Facts about Samuel Adams
Samuel Adams Biography
Samuel Adams was one of the Founding Fathers of the American Revolution.
He was a Boston politician and agitator for independence who’s gone down in history as an important figure, but lacking the intellectual heft of contemporaries such as Thomas Jefferson, George Washington and John Adams, his second cousin.
Born and raised in a prosperous family of Boston (his father had a successful brewery), Adams graduated from Harvard College in 1740.
With help from friends, Adams recovered from years as a bad businessman when he was made tax collector for Boston, a position he seems to have mostly bungled between 1756 and 1764, just before being elected to the Massachusetts House of Representatives.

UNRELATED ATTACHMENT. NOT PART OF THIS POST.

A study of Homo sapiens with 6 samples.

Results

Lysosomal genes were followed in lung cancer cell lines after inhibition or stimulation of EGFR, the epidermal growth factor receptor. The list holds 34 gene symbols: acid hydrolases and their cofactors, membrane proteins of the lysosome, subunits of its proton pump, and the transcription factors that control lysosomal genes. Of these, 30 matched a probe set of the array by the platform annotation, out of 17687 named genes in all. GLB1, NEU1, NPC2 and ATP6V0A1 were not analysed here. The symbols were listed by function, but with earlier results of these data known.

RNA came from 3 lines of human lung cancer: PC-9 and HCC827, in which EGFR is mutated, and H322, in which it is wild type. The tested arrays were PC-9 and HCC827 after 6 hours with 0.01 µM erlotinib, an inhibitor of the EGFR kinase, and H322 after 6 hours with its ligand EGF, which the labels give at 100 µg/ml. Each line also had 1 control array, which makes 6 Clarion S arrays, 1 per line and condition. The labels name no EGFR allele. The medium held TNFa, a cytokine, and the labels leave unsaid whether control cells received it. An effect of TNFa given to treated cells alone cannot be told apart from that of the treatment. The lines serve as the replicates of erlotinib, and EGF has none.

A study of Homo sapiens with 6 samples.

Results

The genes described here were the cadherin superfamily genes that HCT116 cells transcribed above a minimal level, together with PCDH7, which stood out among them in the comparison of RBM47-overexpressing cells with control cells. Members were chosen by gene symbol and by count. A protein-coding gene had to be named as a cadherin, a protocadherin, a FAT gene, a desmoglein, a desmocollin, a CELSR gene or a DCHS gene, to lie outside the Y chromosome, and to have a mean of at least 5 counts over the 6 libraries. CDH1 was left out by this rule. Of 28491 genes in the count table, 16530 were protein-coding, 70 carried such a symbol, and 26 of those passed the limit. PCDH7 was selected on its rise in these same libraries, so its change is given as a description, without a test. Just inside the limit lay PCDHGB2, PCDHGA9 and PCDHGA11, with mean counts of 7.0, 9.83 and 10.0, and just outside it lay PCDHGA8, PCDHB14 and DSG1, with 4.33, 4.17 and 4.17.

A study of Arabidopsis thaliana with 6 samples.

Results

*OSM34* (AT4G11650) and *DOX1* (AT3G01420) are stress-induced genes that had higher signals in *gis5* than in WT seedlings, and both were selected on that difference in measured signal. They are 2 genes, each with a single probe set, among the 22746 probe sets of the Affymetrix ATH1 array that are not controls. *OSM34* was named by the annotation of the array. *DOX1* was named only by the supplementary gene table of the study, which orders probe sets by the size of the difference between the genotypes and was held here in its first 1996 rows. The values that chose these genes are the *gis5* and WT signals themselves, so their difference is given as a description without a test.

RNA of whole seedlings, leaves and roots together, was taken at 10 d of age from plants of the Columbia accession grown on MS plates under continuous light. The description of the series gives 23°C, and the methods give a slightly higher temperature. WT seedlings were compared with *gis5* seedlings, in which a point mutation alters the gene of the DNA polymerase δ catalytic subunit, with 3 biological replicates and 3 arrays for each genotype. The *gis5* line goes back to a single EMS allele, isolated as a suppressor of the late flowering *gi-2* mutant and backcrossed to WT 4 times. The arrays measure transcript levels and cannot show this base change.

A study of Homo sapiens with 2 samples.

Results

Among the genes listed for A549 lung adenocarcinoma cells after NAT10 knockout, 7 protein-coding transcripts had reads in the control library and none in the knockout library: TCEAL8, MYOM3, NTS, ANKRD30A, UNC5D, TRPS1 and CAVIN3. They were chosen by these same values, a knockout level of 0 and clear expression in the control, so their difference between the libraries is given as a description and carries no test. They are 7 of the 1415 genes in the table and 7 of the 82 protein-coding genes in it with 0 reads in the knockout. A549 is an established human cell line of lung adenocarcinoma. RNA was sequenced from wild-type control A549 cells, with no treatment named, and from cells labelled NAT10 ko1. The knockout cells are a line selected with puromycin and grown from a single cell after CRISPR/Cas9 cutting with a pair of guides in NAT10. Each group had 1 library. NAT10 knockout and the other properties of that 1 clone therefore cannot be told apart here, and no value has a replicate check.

A cousin and associate of John Adams and a close, dependent friend of John Hancock, Samuel Adams is known as one of the more rabble rousing of the Founding Fathers. His fellow “Sons of Liberty” were either good-hearted patriots for independence or a mob of unruly drunkards, depending on the story.
Adams himself was apparently a non-drinker, but he frequented various pubs to preach revolution and to distribute anti-British literature.
An especially strong player from Boston, Adams was an adept polemicist/propagandist who attended the Continental Congress in Philadelphia, signed the Declaration of Independence and helped draft the Articles of Confederation and the Massachusetts Constitution.
Samuel Adams became Lieutenant Governor of Massachusetts when his friend Hancock became the governor; Hancock died in 1793 and Adams succeeded him as the state’s second governor in 1794. He was re-elected in 1795 and 1796, then retired.
The Boston Beer Company, founded in 1984, brews beers named in honor of Samuel Adams, including Samuel Adams Boston Lager and Samuel Adams Rebel IPA.